Significant changes to Maryland divorce law went into effect October 1, 2023. The new legislation repeals the entire section of the law that permits an individual to obtain a limited divorce and alters the grounds for absolute divorce in the state.
Prior to the new legislation, Maryland recognized two types of divorce – limited and absolute. A limited divorce provided a basis for temporary relief for persons unsure about permanently ending their marriage. It also allowed parties access to the courts to resolve alimony, child custody and support issues. However, decisions on the distribution or termination of properties or assets could not be made. Contrary to an absolute divorce, the granting of a limited divorce did not terminate the marriage. Therefore, remarriage was not permitted.
The parties could amend the limited divorce at any time to an absolute divorce to end the marriage or continue indefinitely with waiting out the 12 months of separation under the limited divorce if grounds were not established.
With the new legislation, the ability to obtain a limited divorce is repealed in its entirety and will no longer be available under Maryland law, leaving absolute divorce as the only viable option.
While absolute divorce remains available to couples seeking a divorce, there have been considerable changes. Prior to the new law, parties could obtain an absolute divorce based on the following grounds:
- Conviction of a felony or misdemeanor with incarceration
- 12-month separation
- Cruelty or vicious conduct toward a spouse and/or minor child
These grounds have now been repealed under the new law and replaced with the following:
- Six-month separation: If the parties have lived separate and apart for six months without interruption before the filing of the application for divorce even if the parties are living under the same roof or if separation is in accordance with a court order.
- Irreconcilable differences: These are based on reasons stated by the complainant for the permanent termination of the marriage; the bill specifies that parties who have pursued separate lives must be deemed to have lived separate and apart for purposes of the six-month separation even if the parties reside under the same roof or the separation is in accordance with a court order.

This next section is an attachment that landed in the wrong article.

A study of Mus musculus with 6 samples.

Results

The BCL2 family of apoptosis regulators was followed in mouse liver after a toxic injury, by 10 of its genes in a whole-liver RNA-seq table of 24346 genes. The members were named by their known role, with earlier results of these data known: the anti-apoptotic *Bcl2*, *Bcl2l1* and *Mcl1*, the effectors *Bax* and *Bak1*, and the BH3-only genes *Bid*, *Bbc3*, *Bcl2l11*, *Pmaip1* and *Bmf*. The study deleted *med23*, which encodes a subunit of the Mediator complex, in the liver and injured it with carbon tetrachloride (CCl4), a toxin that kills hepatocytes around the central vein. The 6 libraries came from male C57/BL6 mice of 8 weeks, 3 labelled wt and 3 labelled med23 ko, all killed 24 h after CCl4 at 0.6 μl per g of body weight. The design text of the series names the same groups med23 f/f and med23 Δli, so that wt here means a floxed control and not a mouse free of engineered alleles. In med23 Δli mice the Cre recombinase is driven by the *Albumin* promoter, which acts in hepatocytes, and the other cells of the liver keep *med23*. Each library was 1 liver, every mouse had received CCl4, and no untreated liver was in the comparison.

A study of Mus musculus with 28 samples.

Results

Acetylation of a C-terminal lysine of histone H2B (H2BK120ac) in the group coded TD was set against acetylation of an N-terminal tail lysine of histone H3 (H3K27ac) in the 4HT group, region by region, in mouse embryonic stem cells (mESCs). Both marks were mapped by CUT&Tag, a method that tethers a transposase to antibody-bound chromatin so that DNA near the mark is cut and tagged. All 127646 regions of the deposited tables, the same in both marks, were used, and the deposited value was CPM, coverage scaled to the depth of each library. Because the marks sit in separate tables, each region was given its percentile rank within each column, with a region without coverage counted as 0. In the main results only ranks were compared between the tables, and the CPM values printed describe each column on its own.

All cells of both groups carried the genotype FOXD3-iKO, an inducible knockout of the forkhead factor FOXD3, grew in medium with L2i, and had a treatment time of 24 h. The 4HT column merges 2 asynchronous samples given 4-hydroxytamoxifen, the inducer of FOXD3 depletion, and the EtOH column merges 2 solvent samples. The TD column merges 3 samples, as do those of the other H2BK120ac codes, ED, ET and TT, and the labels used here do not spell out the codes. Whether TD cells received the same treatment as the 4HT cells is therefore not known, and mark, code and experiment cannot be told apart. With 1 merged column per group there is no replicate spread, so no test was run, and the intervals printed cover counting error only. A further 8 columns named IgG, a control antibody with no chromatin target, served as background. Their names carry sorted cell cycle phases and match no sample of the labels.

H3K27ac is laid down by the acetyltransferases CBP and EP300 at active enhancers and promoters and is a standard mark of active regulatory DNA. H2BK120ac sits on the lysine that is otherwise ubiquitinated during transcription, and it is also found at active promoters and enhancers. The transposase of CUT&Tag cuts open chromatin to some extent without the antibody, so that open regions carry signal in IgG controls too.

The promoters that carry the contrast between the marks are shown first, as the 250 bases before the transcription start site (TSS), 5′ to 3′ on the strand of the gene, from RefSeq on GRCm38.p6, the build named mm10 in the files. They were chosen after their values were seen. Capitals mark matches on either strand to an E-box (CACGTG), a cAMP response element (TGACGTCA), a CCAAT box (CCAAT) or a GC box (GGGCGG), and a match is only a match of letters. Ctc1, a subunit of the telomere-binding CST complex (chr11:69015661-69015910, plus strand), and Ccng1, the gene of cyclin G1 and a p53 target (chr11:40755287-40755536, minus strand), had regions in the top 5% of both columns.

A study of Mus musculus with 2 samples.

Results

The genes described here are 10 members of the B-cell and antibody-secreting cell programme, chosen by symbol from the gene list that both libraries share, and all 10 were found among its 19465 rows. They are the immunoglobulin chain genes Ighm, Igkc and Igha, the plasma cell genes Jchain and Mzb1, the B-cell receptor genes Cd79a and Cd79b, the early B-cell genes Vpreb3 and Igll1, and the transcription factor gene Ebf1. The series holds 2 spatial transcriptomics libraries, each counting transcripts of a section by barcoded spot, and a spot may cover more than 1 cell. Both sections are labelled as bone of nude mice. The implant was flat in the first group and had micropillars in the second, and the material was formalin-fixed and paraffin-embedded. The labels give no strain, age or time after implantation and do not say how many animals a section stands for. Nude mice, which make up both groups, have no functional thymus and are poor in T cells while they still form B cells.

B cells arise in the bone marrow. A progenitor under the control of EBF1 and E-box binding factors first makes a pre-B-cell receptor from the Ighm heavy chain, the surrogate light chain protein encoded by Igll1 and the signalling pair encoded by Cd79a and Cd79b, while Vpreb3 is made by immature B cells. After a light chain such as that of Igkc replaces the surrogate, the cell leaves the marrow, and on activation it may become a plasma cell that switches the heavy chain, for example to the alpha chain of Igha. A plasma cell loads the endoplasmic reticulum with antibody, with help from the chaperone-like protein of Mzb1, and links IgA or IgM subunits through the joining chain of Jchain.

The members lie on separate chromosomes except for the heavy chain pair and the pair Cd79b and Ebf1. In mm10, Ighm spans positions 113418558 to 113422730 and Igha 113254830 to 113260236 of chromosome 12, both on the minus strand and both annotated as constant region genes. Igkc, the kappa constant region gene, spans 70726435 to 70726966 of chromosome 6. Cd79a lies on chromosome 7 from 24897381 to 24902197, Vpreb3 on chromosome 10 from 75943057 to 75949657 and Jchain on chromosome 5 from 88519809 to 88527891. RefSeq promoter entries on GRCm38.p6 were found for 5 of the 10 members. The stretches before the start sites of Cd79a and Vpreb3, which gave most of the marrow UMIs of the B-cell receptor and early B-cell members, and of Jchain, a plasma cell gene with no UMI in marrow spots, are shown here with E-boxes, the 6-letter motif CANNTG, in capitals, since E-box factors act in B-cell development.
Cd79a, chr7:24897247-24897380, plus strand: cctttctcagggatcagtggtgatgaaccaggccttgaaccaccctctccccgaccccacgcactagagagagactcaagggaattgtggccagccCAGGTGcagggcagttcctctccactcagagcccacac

- Permanent legal incapacity: If a party permanently lacks the capacity to make decisions.
Previously, a court could grant an absolute divorce on the grounds of mutual consent. The new law does not alter provisions regarding an absolute divorce based on this ground. In some cases, the court even may grant a divorce based on the permanent legal incapacity of a spouse to make decisions. Click here for more information.
Impact of New Legislation
The new legislation will have a significant impact on those who wish to obtain a divorce and the attorneys who represent them. Some advantages to the new law are:
- Obtaining a divorce will be easier and quicker as the time required to do so is significantly lessened.
- Parties may remain in their shared home and live under the same roof during the six-month separation period provided the parties live separate and apart.
- Conflicts and stress between the parties and the effects on the children are potentially reduced and hopefully will allow for an easier transition for families.
- While the original grounds for absolute divorce have been repealed, those former grounds still may be considered as factors when deciding child, alimony and other divorce-related issues.
While the advantages to the legislation are quite appealing there are still some questions left to be answered such as:
- How will the courts handle limited and absolute divorces that were filed before October 1, 2023?
- Will clients feel disadvantaged without the “legal crutch” of the limited divorce when uncertain whether to permanently end their marriage?
- How will Maryland define irreconcilable differences? Will misbehavior on the part of a spouse remain relevant for support and monetary determinations?
- How will the court deal with domestic violence cases with regards to safety, given the provision that parties may be considered separated even if under the same roof?
Over the next few months, we will await the court recommendations and move forward toward what is expected to be a more efficient, expeditious and less stressful process for obtaining a divorce for both clients and attorneys.
Get Legal Help
Maryland Volunteer Lawyers Service (MVLS) is the largest pro bono services organization in Maryland and provides free legal services for eligible individuals. To learn more or find out how MVLS can help, visit mvlslaw.org.
Nancy Grimm, Esq., family law attorney for Maryland Volunteer Lawyers Service.